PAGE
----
A quarter of meat-eating adults want plant-based protein alternatives from brands, according to globalwebindex’s Future of Food Report 2020. The demand for plant-based alternatives stretches well beyond those on a vegetarian, or vegan diet.
Driven by younger (under 35s), Gen Z consumers, it’s a key trend to master to meet this segment’s needs.
The first thing we learn from investigating this trend is that plant-based eating does not consist exclusively of plants.
Although plant-based eating focuses on choosing primarily a variety of nutrient rich plant-derived foods such as vegetables, fruit, whole grains, soy, legumes (dried peas, beans, chickpeas and lentils), nuts, seeds and vegetable oils, it does include a small amounts of dairy products, fish, poultry, meat and eggs.
There are real benefits to eating predominantly plant-based foods. A plant-based eating pattern has been associated with a reduced risk of chronic disease, including type 2 diabetes and heart disease, as well as contributing more vitamins, minerals and fibre to one’s overall diet. In addition, there are benefits to the environment including reduction of waste and water consumption, which can have a positive impact on climate change.
The Truth About Plant-Based Diets
Plant-based eating provides adequate protein and key nutrients.
High quality protein can come from a wide variety of foods, including legumes, chickpeas, various beans and nuts, lentils, seeds and soy, along with whole grains, such as quinoa, barley, or amaranth. In addition, this eating pattern tends to include more fruits and vegetables, which can help increase your intake of nutrients, such as vitamin C and A, potassium, magnesium and fibre.
Plant compounds are also provided, such as flavonoids which are widely available in tea, fruits, and vegetables. Iron can be found in dark green leafy vegetables, lentils, tofu, grains, nuts and seeds, while calcium can be found in foods such as kale, broccoli and almonds. Good fats such as monounsaturated and polyunsaturated fats can be found in vegetable oils, nuts and seeds and foods made predominantly of them, such as dressings and mayonnaise.
Plant-based menu items do not have to be vegetarian or vegan.
Plant-based menu options do not have to be only vegetarian or vegan foods. Foods such as eggs, seafood, poultry, lean meat and low-fat or fat-free dairy products can still be offered, but with reduced amounts.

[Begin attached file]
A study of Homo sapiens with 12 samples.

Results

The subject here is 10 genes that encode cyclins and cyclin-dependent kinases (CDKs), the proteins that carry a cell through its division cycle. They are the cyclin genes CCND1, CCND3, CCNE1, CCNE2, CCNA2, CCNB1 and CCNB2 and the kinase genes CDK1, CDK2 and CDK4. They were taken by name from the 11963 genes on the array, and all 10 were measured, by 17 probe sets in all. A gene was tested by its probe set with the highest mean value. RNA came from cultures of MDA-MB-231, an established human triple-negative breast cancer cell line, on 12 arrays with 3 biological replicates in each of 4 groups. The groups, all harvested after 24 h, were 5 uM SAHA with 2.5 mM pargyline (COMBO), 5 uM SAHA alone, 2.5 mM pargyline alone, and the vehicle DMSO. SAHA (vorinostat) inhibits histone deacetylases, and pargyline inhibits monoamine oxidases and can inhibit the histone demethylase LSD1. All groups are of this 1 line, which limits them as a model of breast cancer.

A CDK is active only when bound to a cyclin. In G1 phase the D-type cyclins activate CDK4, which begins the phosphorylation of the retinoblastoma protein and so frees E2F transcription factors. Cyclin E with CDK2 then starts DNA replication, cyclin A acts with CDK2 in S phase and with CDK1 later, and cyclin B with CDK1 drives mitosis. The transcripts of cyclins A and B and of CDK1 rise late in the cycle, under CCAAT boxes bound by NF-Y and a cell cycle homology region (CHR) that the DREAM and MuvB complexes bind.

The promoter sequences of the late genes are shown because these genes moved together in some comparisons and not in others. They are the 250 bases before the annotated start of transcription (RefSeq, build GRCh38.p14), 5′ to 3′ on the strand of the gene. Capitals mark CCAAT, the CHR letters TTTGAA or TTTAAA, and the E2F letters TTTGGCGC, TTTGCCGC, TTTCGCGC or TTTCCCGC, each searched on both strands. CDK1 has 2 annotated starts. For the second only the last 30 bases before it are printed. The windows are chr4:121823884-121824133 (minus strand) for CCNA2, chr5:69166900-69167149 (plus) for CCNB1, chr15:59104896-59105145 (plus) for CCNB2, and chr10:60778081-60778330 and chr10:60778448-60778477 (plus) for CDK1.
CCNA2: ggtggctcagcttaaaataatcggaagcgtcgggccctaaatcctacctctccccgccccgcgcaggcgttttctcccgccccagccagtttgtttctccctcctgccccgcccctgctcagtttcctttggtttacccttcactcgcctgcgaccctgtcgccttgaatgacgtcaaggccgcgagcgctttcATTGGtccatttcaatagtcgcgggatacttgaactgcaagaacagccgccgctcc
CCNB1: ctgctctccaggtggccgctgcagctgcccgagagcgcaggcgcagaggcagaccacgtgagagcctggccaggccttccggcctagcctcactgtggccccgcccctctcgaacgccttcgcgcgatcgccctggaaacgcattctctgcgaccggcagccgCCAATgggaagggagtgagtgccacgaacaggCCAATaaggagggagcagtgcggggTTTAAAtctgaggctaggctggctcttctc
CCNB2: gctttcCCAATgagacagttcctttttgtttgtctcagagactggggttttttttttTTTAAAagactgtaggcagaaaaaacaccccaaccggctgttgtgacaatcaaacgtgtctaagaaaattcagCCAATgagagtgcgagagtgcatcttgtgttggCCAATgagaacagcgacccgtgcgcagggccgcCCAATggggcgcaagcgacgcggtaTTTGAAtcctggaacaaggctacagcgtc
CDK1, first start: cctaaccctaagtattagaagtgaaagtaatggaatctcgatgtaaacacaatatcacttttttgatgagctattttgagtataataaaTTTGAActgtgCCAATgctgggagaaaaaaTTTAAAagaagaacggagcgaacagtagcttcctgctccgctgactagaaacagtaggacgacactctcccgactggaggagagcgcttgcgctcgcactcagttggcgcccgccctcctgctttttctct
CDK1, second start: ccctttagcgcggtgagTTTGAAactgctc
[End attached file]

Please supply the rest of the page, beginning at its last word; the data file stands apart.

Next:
Plant-based menu items do satisfy customers.
Plant-based eating tends to have a combination of fibre, protein and good fats to help keep guests satisfied.
Plant-based items are not more labour intensive, or difficult to prepare.
Nothing could be further from the truth. Plant-based recipes can be full of flavour and easy to prepare to bring excitement to take away and restaurant menus.
Here are some ways you can appeal to the growing plant-based crowd:
- Add one or two vegan meals to your current menu.
- Substitute meats in current dishes with vegan protein options.
- Simply go more plant-heavy and shift meats to the backseat in some or all recipes.
Veganism isn’t the only plant-based food trend – a “Flexitarian” is a person who sticks to a plant-heavy diet, but also eats meat and dairy occasionally. There is flexibility in the way you can shape your menu to appeal to plant-happy customers.
Which Plant-Based Menu Items Should I Incorporate?
How can you satisfy your clients’ cravings while also cashing in? Here are some of the basic building blocks to based your plant-based menu on:
- Black beans
- Tortillas (wheat, rice and corn)
- Sweet potatoes
It can be easy to take a traditional option – like a pizza or burger – and turn it into something meat-free. Pizzas can be laden with delicious roasted veggies, and burger meat can be imitated deliciously with mushrooms or black beans.
Plant-based eating is a super-trend, embraced by young, health-conscious followers. With convincing benefits and few drawbacks, it is a trend which can be gradually introduced and tested.
Gloalwebindex (2020). Future of Food. An exploration of the food industry in a health-conscious era.